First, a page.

Skip to comments.Dolphins Guide Scientists to Rescue Suicidal Girl
Posted on 05/30/2014 11:46:25 AM PDT by BenLurkin
One day, my research team and I were following a school of bottlenose dolphins near shore as we do on a regular basis in the waters off Los Angeles, California. We just wrapped up our photo-identification work and were moving on to take video of dolphin social interactions and enter data on behavior.
The dolphins were still feeding in circle near shore, when suddenly, one individual changed direction heading out toward deeper water. A minute later, the rest of the school turned to follow. We were so accustomed to tracking these coastal metropolitan dolphins back and forth within a few hundred meters of the beach, that seeing them abruptly leave a foraging ground and change direction came as a surprise to the research team. I decided to follow them.
The dolphins increased their speed, still heading offshore as I pushed the throttle ahead to keep pace while one of my researchers recorded this hasty change in behavior on the sighting form. Somewhere near three miles offshore the dolphin group stopped, forming a sort of ring around a dark object in the water.
The girl was pallid and blonde and appeared to be fully clothed. As the boat neared, she feebly turned her head toward us, half-raising her hand as a weak sign for help.
A couple of hours later...the ER doctor came out to talk with us. The girl, it seems, would pull through, and he thanked us for our quick action. He tells us the girl was vacationing in L.A. from Germany and, as the letter found in her plastic bag explained, she was attempting suicide. If we hadnt found her, if the dolphins hadnt led us offshore when they did, to that specific place, she would have died.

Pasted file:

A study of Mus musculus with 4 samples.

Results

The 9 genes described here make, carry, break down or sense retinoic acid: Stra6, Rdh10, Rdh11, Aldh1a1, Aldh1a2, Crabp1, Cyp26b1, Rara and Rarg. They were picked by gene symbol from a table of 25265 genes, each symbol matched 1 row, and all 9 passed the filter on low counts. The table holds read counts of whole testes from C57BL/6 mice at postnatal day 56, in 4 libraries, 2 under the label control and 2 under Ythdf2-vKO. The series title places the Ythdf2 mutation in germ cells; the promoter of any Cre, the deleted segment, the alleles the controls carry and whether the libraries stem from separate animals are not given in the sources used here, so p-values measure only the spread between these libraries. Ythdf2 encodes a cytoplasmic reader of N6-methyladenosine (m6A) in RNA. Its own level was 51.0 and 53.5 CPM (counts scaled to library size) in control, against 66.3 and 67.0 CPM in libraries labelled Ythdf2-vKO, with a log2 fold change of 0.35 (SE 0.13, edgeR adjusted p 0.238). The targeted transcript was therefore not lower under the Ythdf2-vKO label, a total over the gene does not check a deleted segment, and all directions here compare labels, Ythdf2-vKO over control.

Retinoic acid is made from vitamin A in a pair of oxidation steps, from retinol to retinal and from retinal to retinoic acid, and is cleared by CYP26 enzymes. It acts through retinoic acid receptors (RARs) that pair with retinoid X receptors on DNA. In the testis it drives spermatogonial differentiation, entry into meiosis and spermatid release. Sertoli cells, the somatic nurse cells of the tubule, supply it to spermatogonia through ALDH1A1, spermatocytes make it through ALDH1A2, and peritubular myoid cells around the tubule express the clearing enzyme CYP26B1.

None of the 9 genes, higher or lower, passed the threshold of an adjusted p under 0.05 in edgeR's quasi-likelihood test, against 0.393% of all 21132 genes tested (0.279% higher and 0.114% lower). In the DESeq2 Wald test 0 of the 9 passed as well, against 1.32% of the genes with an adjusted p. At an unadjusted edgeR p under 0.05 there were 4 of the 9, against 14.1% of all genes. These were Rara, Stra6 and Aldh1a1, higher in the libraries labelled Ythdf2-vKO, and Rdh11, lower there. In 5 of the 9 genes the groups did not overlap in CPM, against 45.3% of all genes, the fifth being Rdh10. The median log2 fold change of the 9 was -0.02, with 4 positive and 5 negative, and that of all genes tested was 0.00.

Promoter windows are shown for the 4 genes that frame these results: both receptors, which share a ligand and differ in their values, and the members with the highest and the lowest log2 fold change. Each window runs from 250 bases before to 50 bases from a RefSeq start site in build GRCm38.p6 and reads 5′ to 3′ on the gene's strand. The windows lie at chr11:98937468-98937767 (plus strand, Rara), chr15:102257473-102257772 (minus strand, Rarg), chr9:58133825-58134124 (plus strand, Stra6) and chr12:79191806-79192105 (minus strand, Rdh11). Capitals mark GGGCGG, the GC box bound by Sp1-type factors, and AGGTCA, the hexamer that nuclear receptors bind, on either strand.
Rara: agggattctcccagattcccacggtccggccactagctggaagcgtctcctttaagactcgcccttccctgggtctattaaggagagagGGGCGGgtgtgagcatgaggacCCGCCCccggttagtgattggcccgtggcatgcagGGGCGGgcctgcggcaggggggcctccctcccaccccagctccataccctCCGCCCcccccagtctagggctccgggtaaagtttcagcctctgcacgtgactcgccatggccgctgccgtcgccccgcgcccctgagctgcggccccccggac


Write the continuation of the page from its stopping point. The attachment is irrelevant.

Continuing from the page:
(Excerpt) Read more at newswatch.nationalgeographic.com ...
Good job dolphins.
I really do believe that all dolphins, whales, great apes, and some species of monkeys and birds deserve extra protection due to their intelligence and social structures. For instance most people don’t like crows but they are very intelligent and form family groupings. They have been observed in the wild working with other predator species to guiding them to prey and sharing in the kill.
Im just left wondering, How did she get there?
Swam out, apparently.
The big danger in ocean swimming is being carried out to sea by the currents. Once you are in one, you are screwed without outside intervention.
From MA 370
BTTT. I just caught “Blackfish” on CNN, kind of wish I hadn’t, but an excellent film.
Helping humans seems to be their porpoise in life.
Today a bird landed on my head - a smallish black bird and at first I couldn’t figure out what it was up there. I got it off but figured it must be trying to protect a nest. I guess it did the same to another person who had been standing in the same area. Brave little bird.
Thank God it didn’t poop!
I agree with everything you said except for crows.
Crows are evil. Yes, they’re intelligent. So what.
I definitely believe the dolphins perceived her distress and were concerned. Also understood that other humans could help. Quite amazing.
I hate monkeys. Except for
Or, they wanted to keep the ocean clean - hard telling their motivation, but a neat story.
Be thankful she didn't find her way behind the wheel of a large automobile.
A once-in-a-lifetime riposte. Well played, FRiend!
you should repost...
Oh, the sharks would have made sure the ocean was cleaned up. I surprised they hadn't already found her.
I think this was exactly as it appears...the porpoises saved her life intentionally.
So long, and thanks for all the fish!